Fear and fun: bungy jumping celebrates 20 years


Go ahead and jump

It was 20 years ago this month that New Zealanders Henry van Asch and AJ Hackett launched bungy jumping onto an unsuspecting world at Kawarau Bridge outside Queenstown.

Today, the two men are extremely wealthy, Queenstown is considered the adventure capital of the world and more than 2 million people have leapt into the wild, blue yonder - and it's due to a desire to defy gravity and a strong rubber band.

"Bungee jumping is about pushing yourself to the limit and discovering what is there," van Asch says. "We simply provided a way of doing it."

The two friends, who had met skiing down a New Zealand mountain, certainly pushed the French authorities to the limit in June 1987, when Hackett jumped off the Eiffel Tower to prove how safe was the rubber cord they had developed with the University of Auckland.

Van Asch, who worked behind the scenes on that event, says the two men knew they were on to a winner after seeing the amount of interest the Eiffel Tower jump generated.

Word spread quickly and within weeks of the first commercial jump tourists were making their way to Queenstown, drawn by the prospect of plunging 43 metres headfirst off a bridge.

Demand dictated that van Asch and Hackett expand within New Zealand and internationally - Cairns has the world's first purpose-built tower for bungee jumping where you can ride a BMX into the abyss.

Other tourism operators flocked to Queenstown to cash in on the crowds and the adventure industry took shape.

In 1997, the two men split the company with van Asch taking over the New Zealand side of the business and Hackett the international sites.

Van Asch's company, AJ Hackett New Zealand Bungy, has six different bungy experiences now. The latest, the Nevis Arc, opened last week at Doolan's Creek, 40 minutes from Queenstown.

Essentially, it's a swing suspended 160 metres above the ground but how far you swing out and when you drop is in the jumper's hands, which, as van Asch says, is just a new way of pushing boundaries. See ajhackett.com.au and bungy.co.nz.

Stopover sightseeing

Seoul's Incheon International Airport is discounting a selection of its tours for transit passengers.

Tours range from one to eight hours, including a seven-hour trip to the Demilitarised Zone, but the discounted tours are a 60-minute tour of the Yonggungsa Temple - it's usually $US5 ($7.80) but it is free until the end of the year - and the five-hour Seoul City Tour, which is half-price at $US25. The transit tour information desk is between gates three and four on the first floor of the airport arrivals lobby. See transit.freedom.co.kr.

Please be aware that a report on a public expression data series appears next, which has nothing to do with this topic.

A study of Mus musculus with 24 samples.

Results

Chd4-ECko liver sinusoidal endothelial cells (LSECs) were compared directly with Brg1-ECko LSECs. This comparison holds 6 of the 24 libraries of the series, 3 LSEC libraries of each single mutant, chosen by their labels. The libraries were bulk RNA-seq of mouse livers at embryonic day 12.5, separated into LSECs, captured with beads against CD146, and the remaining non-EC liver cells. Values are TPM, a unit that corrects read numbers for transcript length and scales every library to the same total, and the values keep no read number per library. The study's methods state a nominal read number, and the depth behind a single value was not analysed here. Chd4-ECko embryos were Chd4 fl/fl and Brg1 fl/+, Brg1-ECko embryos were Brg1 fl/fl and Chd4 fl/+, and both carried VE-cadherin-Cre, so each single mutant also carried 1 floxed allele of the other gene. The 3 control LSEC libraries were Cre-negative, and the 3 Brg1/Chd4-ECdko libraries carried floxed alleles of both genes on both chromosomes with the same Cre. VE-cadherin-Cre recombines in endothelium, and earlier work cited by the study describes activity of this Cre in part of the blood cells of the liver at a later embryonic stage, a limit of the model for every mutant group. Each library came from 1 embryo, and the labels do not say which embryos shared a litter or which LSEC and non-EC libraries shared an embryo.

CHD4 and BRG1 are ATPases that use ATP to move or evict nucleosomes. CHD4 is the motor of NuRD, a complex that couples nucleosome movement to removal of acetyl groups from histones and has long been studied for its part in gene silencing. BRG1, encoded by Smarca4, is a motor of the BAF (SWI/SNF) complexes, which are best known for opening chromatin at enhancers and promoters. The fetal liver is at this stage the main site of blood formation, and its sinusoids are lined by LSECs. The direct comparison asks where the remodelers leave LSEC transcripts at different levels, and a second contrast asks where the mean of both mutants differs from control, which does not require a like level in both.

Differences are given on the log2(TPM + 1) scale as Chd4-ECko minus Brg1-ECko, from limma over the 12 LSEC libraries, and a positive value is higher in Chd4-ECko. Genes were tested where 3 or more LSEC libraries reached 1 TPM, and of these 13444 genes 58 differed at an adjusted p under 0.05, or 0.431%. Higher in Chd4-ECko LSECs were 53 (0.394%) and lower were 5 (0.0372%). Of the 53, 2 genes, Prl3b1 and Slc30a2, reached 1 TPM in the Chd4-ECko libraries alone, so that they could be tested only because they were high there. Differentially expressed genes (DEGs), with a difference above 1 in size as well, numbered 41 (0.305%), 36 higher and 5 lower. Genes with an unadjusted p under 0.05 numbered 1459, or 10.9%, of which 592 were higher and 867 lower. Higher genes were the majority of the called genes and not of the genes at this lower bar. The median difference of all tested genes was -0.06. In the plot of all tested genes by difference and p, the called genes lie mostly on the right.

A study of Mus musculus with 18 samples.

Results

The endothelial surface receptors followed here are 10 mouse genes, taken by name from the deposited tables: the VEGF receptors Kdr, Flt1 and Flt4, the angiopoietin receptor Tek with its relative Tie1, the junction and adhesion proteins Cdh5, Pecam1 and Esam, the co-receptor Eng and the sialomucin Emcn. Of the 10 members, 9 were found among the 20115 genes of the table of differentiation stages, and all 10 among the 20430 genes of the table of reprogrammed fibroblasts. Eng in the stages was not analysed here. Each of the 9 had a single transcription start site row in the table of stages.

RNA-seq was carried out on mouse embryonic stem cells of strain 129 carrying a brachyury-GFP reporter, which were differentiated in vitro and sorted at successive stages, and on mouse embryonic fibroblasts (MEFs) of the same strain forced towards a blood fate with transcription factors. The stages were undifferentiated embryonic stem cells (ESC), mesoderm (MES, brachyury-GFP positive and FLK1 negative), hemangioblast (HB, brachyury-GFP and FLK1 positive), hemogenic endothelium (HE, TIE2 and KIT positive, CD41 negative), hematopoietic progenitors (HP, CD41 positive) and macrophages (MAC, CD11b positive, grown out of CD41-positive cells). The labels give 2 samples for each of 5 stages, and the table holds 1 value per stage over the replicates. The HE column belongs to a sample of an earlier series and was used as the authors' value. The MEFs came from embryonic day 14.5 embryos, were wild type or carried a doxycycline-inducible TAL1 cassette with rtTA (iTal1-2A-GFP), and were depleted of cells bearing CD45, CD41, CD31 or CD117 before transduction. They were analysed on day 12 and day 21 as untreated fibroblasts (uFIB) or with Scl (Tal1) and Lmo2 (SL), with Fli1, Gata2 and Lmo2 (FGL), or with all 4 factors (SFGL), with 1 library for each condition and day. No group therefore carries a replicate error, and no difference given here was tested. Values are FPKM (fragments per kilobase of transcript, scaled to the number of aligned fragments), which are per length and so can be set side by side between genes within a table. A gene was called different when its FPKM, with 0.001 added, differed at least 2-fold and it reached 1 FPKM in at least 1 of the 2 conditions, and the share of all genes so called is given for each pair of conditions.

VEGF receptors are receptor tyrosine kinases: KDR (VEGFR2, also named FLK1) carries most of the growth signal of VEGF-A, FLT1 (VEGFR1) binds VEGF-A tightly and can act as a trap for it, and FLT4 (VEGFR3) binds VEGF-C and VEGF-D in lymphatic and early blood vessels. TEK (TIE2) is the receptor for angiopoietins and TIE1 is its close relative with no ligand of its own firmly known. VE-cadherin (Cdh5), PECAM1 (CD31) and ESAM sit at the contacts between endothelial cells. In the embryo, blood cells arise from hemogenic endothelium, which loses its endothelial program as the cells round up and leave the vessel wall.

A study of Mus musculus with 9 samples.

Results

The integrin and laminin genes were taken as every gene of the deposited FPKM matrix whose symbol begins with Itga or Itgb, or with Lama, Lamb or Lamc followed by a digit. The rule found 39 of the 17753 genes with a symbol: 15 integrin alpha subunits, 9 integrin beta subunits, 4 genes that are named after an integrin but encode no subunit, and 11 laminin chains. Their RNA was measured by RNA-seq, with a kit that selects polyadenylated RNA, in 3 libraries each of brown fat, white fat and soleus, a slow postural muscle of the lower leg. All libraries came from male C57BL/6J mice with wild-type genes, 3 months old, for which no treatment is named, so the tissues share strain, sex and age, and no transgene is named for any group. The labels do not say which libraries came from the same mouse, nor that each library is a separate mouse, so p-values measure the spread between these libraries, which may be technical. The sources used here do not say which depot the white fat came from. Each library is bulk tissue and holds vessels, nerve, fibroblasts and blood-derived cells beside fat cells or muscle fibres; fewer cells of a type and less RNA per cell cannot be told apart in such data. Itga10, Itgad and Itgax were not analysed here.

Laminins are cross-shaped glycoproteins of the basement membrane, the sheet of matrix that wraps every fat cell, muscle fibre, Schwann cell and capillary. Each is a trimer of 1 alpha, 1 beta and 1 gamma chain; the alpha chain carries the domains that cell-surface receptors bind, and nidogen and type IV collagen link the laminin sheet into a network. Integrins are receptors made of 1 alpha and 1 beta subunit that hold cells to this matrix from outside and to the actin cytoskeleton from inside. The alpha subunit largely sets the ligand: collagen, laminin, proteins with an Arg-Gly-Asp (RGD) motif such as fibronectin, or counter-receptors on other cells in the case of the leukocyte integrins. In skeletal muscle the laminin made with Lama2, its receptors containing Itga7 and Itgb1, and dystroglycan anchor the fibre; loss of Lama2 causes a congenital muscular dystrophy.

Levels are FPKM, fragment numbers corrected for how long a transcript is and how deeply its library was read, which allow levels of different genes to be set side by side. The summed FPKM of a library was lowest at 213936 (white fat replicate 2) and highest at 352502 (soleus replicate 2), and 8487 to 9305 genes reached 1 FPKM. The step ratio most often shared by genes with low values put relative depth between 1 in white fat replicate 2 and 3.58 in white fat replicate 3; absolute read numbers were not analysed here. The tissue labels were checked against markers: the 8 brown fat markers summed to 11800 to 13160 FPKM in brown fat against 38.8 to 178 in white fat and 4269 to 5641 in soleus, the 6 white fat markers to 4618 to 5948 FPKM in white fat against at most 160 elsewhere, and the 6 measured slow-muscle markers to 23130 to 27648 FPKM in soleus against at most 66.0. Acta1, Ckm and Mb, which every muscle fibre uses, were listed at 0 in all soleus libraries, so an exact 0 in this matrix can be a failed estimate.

Postpone Bali

Garuda Indonesia will waive amendment fees for passengers wanting to defer their immediate travel arrangements to Bali. Passengers with tickets booked for travel before December 31 can reschedule without penalty as long as they travel within the next six months. The change has to be made by Tuesday.

Work in Britain

As of Thursday, it will be easier for young Australians to live and work in Britain, thanks to the introduction of the Youth Mobility Visa scheme.

The big difference between the new system and the one that it is replacing - the Working Holidaymaker scheme - is that it allows Australians aged between 18 and 30 to work continuously in Britain for two years, do almost any kind of work and, for the first time, travellers can line up a full-time job before applying for the visa.

At ?99 ($222), the new visa is half the price of the old one. Applicants for the new youth visa will now have to show they have the equivalent of ?1600 to cover living expenses for the first couple of weeks. See ukinaustralia.fco.gov.uk/en.

Seedy business

Australian Quarantine makes a big deal about your shoes when you've been in rural areas but perhaps it's time to pay just as much attention to socks.

A study by Griffith University has shown that more than 1000 seeds can attach to socks at the end of a day's walk in mountain areas.

Ecologist Catherine Pickering says the results have significant quarantine implications for Australia's protected areas and agricultural and horticultural industries, as seeds carried in socks have the potential to become major drivers of the spread of weeds and invasive exotic species.

She says walkers should wear long trousers, making it harder for seeds to attach to socks and that, ideally, socks should be woollen. Hikers should put any seeds they pick off their shoes and socks in a plastic bag and take them out of the park before disposing of them.